It;s hard to fathom that Cea Sunrise Person’s memoir North of Normal is real life. Her experiences are very real. I couldn’t put the book down because I had no idea what would happen next. What more could happen? How could something else change? What more could be changed? Person writes with clarity, grace, and feeling.]
Cea Sunrise Person grows up during a unique time in American/Canadian history. When I told my Mom and Dad the premise of the memoir, my Dad replied, “Was this in the ’70s?” He knew. Then I remembered…I have inherited my Dad’s Valdy record collection. He knew.
One of the most striking ideas that hit me as I was reading was the resilience, trust, and then determination of Cea. She lived through some intense, painful, wonderful, gut-wrenching, terrifying, beautiful experiences. On her website, Person has a few Q&A videos. She knew as she was living her life that it was extraordinary. Yet she talks about her shame. Shame in being different. Even as a teen, she realized that she had a story to tell that people would want to read. I can’t help but think of the idea that sometimes reality is stranger than fiction. One of the most moving moments in her first video on her website is that she wanted to tell her story for her Mom, who was suffering with caner.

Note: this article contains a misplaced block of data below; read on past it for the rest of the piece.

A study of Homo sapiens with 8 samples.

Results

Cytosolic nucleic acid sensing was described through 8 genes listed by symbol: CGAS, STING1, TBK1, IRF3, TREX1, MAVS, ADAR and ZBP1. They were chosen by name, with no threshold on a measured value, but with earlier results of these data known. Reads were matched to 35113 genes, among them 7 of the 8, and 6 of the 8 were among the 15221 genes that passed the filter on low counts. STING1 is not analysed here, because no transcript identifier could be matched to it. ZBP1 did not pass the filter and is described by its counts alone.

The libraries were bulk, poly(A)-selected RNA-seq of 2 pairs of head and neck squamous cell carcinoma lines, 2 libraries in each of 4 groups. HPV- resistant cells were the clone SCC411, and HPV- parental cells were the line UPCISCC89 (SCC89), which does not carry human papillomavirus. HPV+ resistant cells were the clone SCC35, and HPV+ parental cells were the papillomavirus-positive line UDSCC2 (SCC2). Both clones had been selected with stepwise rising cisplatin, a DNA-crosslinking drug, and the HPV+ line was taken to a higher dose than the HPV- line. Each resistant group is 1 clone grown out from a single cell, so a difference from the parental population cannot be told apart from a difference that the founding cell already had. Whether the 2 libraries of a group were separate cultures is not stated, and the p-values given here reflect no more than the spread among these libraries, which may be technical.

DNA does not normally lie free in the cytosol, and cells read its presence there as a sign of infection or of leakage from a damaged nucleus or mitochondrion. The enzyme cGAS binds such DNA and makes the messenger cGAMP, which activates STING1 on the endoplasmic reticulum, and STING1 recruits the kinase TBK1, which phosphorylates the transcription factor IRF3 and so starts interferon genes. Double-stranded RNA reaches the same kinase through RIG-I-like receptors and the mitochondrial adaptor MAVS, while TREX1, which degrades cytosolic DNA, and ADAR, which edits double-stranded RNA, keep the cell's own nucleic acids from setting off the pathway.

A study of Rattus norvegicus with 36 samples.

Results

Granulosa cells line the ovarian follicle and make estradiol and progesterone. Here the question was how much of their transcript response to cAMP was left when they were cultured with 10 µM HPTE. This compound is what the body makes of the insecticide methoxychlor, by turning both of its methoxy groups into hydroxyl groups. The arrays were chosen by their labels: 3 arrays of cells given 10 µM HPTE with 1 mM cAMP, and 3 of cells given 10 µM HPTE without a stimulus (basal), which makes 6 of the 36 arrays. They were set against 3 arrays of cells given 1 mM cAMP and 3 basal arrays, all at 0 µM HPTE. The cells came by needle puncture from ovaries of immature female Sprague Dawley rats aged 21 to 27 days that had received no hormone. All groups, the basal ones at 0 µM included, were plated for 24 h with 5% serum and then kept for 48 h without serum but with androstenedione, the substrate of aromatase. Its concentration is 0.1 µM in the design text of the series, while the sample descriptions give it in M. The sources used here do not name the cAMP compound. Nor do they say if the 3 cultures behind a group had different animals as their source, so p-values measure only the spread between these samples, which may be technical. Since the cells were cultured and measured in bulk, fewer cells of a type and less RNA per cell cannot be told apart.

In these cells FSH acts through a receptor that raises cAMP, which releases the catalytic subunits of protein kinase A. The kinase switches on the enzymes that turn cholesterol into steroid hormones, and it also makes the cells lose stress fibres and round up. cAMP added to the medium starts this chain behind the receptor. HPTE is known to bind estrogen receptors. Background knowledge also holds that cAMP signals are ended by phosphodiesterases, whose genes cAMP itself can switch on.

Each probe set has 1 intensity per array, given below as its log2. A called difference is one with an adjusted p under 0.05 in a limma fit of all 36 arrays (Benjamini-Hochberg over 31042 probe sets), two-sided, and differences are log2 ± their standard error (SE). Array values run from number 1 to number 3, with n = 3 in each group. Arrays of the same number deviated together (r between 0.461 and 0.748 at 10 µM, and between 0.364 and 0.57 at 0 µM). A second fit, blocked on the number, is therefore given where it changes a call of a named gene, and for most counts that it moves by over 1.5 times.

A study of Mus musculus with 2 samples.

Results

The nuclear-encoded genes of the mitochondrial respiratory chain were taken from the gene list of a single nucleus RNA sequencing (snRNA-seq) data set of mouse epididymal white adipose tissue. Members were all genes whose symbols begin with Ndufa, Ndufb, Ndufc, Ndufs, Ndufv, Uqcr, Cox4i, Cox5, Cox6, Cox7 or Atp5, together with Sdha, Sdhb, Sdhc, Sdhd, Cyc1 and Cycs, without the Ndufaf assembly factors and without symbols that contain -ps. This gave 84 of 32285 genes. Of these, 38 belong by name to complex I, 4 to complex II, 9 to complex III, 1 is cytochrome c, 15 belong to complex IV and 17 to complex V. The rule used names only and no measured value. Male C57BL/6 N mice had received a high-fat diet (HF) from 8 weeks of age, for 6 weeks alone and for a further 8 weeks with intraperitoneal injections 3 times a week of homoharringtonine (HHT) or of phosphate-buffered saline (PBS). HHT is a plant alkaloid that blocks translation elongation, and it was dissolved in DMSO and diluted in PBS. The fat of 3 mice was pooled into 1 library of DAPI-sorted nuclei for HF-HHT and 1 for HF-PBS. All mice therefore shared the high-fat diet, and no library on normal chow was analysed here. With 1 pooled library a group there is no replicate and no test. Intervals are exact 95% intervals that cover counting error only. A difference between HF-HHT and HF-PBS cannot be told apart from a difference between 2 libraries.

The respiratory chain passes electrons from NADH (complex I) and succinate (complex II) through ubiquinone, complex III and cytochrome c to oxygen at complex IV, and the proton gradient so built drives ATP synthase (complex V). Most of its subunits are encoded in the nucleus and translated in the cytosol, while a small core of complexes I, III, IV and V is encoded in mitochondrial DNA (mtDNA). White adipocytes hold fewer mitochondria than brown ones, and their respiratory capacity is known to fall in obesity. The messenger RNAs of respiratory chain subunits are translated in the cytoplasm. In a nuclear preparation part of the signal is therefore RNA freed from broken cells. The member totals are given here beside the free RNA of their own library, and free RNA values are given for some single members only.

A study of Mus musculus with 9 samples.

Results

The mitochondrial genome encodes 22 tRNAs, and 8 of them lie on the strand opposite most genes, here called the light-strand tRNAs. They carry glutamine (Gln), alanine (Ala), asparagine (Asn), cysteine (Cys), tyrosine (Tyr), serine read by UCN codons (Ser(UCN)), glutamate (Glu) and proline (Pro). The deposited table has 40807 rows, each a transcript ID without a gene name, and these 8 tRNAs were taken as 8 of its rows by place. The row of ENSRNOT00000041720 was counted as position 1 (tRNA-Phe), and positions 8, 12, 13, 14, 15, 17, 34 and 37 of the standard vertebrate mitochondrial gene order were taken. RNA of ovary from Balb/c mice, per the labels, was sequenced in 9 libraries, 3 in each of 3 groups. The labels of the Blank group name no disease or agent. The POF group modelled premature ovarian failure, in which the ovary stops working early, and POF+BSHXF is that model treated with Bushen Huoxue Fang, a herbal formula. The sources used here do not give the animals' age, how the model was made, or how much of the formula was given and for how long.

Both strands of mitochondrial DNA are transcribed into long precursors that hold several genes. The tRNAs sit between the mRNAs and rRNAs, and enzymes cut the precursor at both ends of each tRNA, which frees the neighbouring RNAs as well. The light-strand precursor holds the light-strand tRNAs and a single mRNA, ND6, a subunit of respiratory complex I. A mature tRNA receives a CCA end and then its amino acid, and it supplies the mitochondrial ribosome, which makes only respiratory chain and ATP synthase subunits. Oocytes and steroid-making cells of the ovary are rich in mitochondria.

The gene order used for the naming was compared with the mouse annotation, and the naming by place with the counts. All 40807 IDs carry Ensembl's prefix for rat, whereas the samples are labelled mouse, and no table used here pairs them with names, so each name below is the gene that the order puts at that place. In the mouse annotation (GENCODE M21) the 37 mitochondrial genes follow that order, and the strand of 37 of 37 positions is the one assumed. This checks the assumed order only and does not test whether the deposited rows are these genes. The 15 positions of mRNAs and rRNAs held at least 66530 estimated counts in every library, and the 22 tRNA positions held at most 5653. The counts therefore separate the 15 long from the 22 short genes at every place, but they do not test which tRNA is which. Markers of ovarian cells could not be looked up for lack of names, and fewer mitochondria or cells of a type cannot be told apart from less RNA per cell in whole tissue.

Writing to deal with and overcome the past. That is what she was seeking: trying to understand her own life by exploring her past.
Persons writes a lot about her grandfather, Papa Dick. It was Pap Dick’s idea to move to the wilderness to get off of the grid and to experience the simple life. One of the phrases that stood out to me and stuck with me is what Papa Dick says to Cea: “Welcome this, for life lessons come by experiences and not by chatter” (Pg 120). I realize that in Person’s situation that a lot of what she experienced is abuse. Yet I this phrase stands out: how do we live and learn? By living.
I hope that Person’s life has settled and that she has found peace and forgiveness. I am grateful that she shared her story.